Updated: A jury has found that Katy Perry, her collaborators and her record label must pay $2.78 million because the pop star’s 2013 hit “Dark Horse” copied a Christian rap song.
The jury awarded the money Thursday to Marcus Gray and his two co-writers on the 2009 song “Joyful Noise.”
Perry herself was hit for just over $550,000, with Capitol Records responsible for the vast majority of the money.
It was an underdog victory for Gray, a relatively obscure artist once known as Flame. His 5-year-old lawsuit survived constant court challenges and a trial against top-flight attorneys for Perry and the five other music-industry heavyweights who wrote the song.
Jurors had already decided that “Dark Horse” copied “Joyful Noise” and then were tasked with finding how much the defendants owed.
Jurors will decide how much Katy Perry’s 2013 mega-hit “Dark Horse” is worth and how much of that money should go to a Christian rapper whose song they already said the pop star copied.
Attorneys for the two sides gave the jury wildly different figures to work with during closing arguments Thursday, the latest copyright infringement case against a major hit song.
Lawyers for rapper Marcus Gray and his two co-writers on the 2009 song “Joyful Noise” told the jury they should get nearly $20 million from the Perry song that grossed about $41 million. Defense attorneys argued for about $360,000.
“These defendants have made millions and millions of dollars from their infringement of the plaintiff’s copyright,” Gray’s attorney, Michael A. Kahn, told the jury. “They seek a fair portion of the defendants’ profits. Not all of them.”
Both sides agree that Perry herself made a profit of $2.4 million, which would be the maximum she may have to pay personally. The pop star testified at the beginning of the trial but has not been in court since.
Because the rhythmic instrumental riff from “Joyful Noise” plays through 45% of “Dark Horse,” Kahn said his clients were entitled to 45% of the entire earnings of Perry’s album “Prism,” where her song appears.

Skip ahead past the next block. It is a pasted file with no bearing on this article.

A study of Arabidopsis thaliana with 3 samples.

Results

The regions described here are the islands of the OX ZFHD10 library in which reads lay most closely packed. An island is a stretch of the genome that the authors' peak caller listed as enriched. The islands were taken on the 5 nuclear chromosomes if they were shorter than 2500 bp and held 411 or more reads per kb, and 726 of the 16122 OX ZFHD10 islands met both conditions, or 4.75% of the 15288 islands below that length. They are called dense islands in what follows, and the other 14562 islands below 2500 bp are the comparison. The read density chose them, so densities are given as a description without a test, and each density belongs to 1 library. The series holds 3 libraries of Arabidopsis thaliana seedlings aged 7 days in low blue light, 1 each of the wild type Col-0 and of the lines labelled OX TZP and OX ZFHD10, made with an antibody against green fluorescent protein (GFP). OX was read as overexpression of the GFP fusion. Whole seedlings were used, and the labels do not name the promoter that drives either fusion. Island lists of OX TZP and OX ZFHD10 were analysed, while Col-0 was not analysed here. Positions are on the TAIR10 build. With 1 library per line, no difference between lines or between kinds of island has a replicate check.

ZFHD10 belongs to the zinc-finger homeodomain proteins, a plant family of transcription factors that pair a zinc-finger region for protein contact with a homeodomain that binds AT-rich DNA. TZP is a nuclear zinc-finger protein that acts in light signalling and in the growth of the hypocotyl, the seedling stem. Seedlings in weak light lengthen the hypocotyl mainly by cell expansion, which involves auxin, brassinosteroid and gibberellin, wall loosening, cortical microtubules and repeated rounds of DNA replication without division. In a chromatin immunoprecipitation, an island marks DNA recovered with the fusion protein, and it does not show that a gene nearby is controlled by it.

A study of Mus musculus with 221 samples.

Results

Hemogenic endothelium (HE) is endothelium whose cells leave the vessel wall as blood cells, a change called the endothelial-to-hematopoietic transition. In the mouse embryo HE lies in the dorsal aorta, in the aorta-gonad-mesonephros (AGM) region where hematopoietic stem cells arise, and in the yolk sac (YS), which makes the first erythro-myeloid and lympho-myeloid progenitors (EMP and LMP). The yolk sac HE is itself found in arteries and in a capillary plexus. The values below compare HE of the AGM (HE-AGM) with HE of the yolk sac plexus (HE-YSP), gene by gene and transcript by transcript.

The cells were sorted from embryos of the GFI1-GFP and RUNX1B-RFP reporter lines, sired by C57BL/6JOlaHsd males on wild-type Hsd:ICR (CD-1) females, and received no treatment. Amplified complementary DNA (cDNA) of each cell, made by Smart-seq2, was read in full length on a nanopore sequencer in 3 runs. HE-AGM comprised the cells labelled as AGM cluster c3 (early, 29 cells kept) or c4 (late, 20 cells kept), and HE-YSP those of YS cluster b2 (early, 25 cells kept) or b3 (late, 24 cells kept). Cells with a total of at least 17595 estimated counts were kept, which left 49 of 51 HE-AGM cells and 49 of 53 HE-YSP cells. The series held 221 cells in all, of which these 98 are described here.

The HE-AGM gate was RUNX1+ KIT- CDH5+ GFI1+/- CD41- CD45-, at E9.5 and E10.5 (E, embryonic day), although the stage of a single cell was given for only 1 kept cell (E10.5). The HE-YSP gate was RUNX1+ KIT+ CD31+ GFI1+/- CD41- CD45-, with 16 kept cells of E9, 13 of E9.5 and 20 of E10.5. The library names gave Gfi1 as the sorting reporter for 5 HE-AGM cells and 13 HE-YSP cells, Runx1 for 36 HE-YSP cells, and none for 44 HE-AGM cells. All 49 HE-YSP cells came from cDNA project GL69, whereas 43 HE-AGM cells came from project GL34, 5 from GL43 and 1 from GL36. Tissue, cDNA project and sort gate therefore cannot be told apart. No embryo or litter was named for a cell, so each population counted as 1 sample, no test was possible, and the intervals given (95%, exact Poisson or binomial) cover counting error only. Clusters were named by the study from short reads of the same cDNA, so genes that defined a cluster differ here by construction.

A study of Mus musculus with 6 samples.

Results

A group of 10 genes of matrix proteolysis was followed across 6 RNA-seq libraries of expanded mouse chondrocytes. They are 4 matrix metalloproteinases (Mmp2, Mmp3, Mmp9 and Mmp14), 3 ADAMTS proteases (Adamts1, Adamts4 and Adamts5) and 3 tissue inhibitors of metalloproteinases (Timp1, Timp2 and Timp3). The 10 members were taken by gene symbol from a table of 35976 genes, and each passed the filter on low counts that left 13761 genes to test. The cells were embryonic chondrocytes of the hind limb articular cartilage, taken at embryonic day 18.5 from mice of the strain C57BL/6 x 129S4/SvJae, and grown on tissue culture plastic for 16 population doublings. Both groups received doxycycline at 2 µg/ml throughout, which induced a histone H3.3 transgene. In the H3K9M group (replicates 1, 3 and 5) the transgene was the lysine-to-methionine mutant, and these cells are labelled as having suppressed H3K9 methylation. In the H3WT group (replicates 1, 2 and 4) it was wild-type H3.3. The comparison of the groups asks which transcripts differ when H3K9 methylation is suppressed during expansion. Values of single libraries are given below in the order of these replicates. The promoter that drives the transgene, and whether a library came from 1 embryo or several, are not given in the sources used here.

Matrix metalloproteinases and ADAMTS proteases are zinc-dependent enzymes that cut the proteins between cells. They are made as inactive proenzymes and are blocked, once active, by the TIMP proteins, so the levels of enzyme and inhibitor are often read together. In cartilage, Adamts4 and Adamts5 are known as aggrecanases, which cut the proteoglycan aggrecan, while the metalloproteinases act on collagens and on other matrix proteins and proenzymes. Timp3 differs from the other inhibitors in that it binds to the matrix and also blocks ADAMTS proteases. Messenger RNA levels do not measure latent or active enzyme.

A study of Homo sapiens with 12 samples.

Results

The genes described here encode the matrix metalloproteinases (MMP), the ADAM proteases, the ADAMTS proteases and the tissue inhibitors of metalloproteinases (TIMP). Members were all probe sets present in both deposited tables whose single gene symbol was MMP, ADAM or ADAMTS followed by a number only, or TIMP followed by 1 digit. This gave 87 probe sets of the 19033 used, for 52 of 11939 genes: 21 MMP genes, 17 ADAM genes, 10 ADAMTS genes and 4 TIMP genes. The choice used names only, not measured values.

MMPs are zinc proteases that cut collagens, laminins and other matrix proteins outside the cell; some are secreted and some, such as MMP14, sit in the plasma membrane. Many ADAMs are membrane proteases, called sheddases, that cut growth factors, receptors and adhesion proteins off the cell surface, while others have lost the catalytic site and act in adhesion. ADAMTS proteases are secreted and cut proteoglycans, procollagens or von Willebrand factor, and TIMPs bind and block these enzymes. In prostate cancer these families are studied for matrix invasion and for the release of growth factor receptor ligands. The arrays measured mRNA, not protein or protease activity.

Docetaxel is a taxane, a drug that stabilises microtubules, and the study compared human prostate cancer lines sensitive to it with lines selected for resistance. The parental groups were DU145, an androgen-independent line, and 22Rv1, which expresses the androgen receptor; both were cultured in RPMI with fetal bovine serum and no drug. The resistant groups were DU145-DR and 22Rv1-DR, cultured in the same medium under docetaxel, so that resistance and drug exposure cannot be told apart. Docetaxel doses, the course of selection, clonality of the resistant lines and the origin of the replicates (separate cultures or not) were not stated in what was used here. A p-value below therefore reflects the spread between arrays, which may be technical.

The defense recommends dividing the award money by the number of songs on the album.
“A CD is a CD, you can’t break it into pieces,” Kahn said. “Every album had an infringing song. And not just any song, but the most popular song on the album.”
Both sides agree that sales and streams of “Dark Horse” should be in play.
Lawyers for Perry and her co-defendants, which include Capitol Records and producer Dr. Luke, said the millions Gray seeks are based on ludicrous figures.
“They’re not seeking fairness,” the defendants’ attorney, Aaron M. Wais, told the jury. “They’re seeking to obtain as much money as possible.”
Wais argued, based on expert testimony, that the disputed part of “Dark Horse” was worth only 5% of its earnings.
He argued that the biggest driver of the song’s earnings were not any part of the song itself, but the celebrity of Perry, who was already a major star when she recorded the song.
“The reason why people buy a Katy Perry album, buy a Katy Perry song, is because it’s Katy Perry,” Wais told the jurors. “If you replaced her with an anonymous artist, do you really think it would sell as well?”
The defense also subtracted expenses of roughly $11 million that Capitol Records spent promoting and creating the song.
The plaintiffs pointed out that the expenses revealed during the trial include nearly $2,000 for flashing cocktail ice cubes and more than $13,000 for a wardrobe stylist for one night at the MTV Video Music Awards.
“Our client shouldn’t be asked to bear those costs,” Kahn said.
Wais countered that regardless of the details, the money has been legitimately spent and must be counted.
At the end of the first phase of the trial Monday, jurors surprised many by finding all six writers of “Dark Horse” were liable for copying from “Joyful Noise,” though only a section of the instrumental track was in dispute. That included Perry, who only co-wrote the lyrics to the song, and Juicy J, who only provided a rap break for it.
All the songwriters testified that they had never heard of Gray, known by the stage name Flame, or “Joyful Noise” before he and co-writers Emanuel Lambert and Chike Ojukwu sued five years ago.
But Gray and his attorney only had to prove that they had ample opportunity to have heard it.
Collectively, the songwriters earned about $10 million on the song before expenses and Capitol Records earned $31 million, leading to the plaintiffs’ $41 million figure.
Gray’s at least partial victory represents a rare case of an obscure artist prevailing against a major pop star.
Recent years have brought similar wins in disputes over hit songs, though usually with big pop stars on both sides.
In the case of another 2013 mega-hit, “Blurred Lines,” a jury found singers Robin Thicke and Pharrell Williams copied R&B legend Marvin Gaye’s “Got to Give it Up.” Thicke and Williams were ordered to pay Gaye’s children nearly $7.4 million. The award was trimmed last year to just short of $5 million on appeal.
No fight was required in 2016 when Tom Petty won a piece of British soul singer Sam Smith’s hit “Stay With Me.” Petty’s publishers said that while it was likely coincidental, the song’s melody closely resembled Petty’s 1989 song “I Won’t Back Down.” Petty and Jeff Lynne were added as co-writers on Smith’s song, but details on a dollar figure weren’t released.